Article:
The city's public safety officials said Monday that Los Angeles needs to boost its terrorism preparedness, calling for an additional $7.5 million in new equipment, training and staff.

"It's critical at this time that we ensure that we in the city of Los Angeles make preparations for terrorism and make anti-terrorist capabilities a local priority," City Councilman Jack Weiss said at a news conference at City Hall with Police Chief Bernard C. Parks and Fire Chief William Bamattre.

"If something happens here in the Southern California region, it will be men and women from the L.A. Fire Department and the L.A. Police Department who will be called upon to respond. So we need to make sure they have the tools they need to do their jobs."

The officials are seeking an additional urban search and rescue team, a third hazmat unit, additional staffing at the county's Terrorism Early Warning Group, more bomb squad training, explosives-sniffing dogs, and a new disaster-preparedness unit in the Fire Department.

The recommendations came out of a task force assembled by Weiss after the September terrorism attacks to evaluate the city's ability to respond to terrorist threats. On Monday, the city's Emergency Operations Board endorsed the requests.

But finding money in the city's budget to pay for the new equipment, training and staff may be difficult. The city is suffering a revenue shortfall because of a decline in tourism and increased security costs. By July, the city's security tab is expected to hit at least $45 million.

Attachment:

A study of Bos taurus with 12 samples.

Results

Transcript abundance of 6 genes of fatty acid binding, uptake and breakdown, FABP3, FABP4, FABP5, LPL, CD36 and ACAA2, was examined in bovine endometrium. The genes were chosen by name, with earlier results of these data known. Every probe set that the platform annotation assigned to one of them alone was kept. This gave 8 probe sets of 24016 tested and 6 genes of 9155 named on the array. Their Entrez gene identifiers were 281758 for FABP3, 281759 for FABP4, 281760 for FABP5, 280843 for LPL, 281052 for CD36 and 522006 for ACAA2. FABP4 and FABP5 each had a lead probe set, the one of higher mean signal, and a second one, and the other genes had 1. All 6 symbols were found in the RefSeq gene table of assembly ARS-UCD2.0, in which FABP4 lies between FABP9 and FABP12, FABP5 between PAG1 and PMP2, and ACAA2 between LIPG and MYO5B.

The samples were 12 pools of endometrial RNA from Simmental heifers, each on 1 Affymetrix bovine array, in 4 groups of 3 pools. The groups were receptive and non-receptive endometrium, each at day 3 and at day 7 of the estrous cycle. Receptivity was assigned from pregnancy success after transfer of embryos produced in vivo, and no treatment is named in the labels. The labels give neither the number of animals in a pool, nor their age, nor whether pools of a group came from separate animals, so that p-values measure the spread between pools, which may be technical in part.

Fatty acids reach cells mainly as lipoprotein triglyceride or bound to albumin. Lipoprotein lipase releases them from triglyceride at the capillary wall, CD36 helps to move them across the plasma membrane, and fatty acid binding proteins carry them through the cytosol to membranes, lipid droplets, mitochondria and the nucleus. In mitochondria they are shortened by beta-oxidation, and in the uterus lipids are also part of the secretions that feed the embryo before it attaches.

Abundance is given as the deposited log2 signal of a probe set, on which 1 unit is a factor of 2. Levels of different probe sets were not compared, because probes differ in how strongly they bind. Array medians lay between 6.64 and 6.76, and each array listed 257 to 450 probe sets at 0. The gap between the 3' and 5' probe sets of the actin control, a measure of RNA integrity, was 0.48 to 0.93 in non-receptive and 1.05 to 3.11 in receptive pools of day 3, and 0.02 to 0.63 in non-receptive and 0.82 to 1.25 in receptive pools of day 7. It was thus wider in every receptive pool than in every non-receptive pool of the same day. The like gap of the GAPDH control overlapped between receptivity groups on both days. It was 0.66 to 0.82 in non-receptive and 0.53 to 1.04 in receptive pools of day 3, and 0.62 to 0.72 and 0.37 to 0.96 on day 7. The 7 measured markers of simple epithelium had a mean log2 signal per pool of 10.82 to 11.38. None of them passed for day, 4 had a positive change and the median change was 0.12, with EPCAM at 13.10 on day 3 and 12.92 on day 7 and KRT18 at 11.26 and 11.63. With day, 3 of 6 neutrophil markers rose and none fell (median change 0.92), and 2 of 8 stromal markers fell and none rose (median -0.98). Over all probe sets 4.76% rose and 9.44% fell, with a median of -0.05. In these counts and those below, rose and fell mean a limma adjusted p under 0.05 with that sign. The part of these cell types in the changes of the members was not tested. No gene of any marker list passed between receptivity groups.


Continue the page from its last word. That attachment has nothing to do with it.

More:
Los Angeles Mayor James K. Hahn was not optimistic that the new measures could be paid for out of the city budget.

"'Obviously, we're in very short supply of money these days, and we're belt-tightening all around the city," Hahn said Monday during a visit to Brentwood. "I'd love to do it if we can find the money."

Hahn added that the proposals could be funded by the federal government if Congress approves President Bush's recent proposal to spend $3.5 billion on homeland security in 2003.

But other officials said the measures must be taken sooner.

"I don't think we can sit back in this city and wait for the federal government to fund something and put our own safety in jeopardy," Parks said.

Bamattre noted that much of the additional staffing is so important that the police and fire departments have been doing it through overtime.

"We've had an ongoing program of preparedness, but we have to keep our guard up," he said.

Weiss acknowledged that the price tag is steep, but said terrorism preparedness should be the city's top priority.

"The world changed on Sept. 11, and those of us in local government need to face up to that and face up to our new responsibilities," Weiss said. "It is necessary but not sufficient that we rely on federal funding."